I do not expect to breach heaven (if there is some heaven beyond our good, green earth) via pearly gates, golden streets with searchlights searing the sky and something noisy from Handel blaring from the speakers.
If at all, the passage will be secretive and silent, a chink through which I slip, perhaps between the rosebud and its fragrant flowering, the moment when baton is lifted before overture’s first note sounds.
Rarely in gaudy glory of liturgy as Host is elevated, eaten, often in spring’s gentle uncurling, autumn’s downward spiral, I see a shadowy hand beckon, or hear a quiet voice calling, “This way. Slip through here.”
He peoples the darkness with stars: Eyes in all that vastness. He stores sunlight in his tabernacle Meting out each day enough to gladden The trees and moons with their changing Colors. Vestments over land and sea.
Space is a trellis in his garden. He scatters organelles, pods, bulbs, Protozoa, spermatozoa, ovaries All bursting into blossom. Every womb Awaits the coronation of its birth. Stone fruits and star apples.
The universe plays his tune-book. He breathes sacred airs Obbligatos, cantatas, Sephardic chants. The seasons speak through him: The timbrels of spring, the blare of high summer, Fall’s blue cello, winter’s gusty pipe organ. Angel rapture and our plainsong.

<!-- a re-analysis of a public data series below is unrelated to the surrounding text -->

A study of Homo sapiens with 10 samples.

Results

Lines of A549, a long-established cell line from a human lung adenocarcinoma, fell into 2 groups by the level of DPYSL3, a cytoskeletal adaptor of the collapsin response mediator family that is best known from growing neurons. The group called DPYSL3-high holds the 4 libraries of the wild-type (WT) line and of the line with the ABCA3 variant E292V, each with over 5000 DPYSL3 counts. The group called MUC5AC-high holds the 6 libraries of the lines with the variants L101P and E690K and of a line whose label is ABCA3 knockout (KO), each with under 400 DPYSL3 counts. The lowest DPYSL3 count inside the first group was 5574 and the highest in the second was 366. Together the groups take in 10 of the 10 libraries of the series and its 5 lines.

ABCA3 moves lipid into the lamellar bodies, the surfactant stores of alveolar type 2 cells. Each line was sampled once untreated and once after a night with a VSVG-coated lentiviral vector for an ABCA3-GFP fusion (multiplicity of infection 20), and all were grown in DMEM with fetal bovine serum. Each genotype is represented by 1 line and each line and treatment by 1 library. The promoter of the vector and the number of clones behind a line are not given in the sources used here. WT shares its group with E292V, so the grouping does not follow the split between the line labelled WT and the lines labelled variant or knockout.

“An Engine against the Almighty” —George Herbert, Prayer (1)
We wrestle, gentle Jehovah, gentle beast, or rather ring bearer, keeper of dirt and sleet under streetlights. A kingdom, weightless, entrusted to the white palms of a child. A garden with a certain desert distance, an angel interference: this late-night duel. I know the sound of wind as well as I know the remnant of your footprint. Or is that the mark of my knees in the dirt?
Study war no more
Mar 18, 2011
Michael Izbicki grew up in a nondenominational church in California. A National Merit Scholarship finalist, he chose to go to the U.S. Naval Academy out of a sense of duty to his country during a time of war. At the naval academy he began to doubt whether the career to which he had committed himself could be squared with the tenets of just war doctrine. He got in trouble when he responded no to this exam question: "If given the order, would you launch a missile carrying a nuclear warhead?" After a four-year legal battle, the navy discharged him as a conscientious objector. Izbicki may have to reimburse the service for part or all of his education (New York Times, February 22).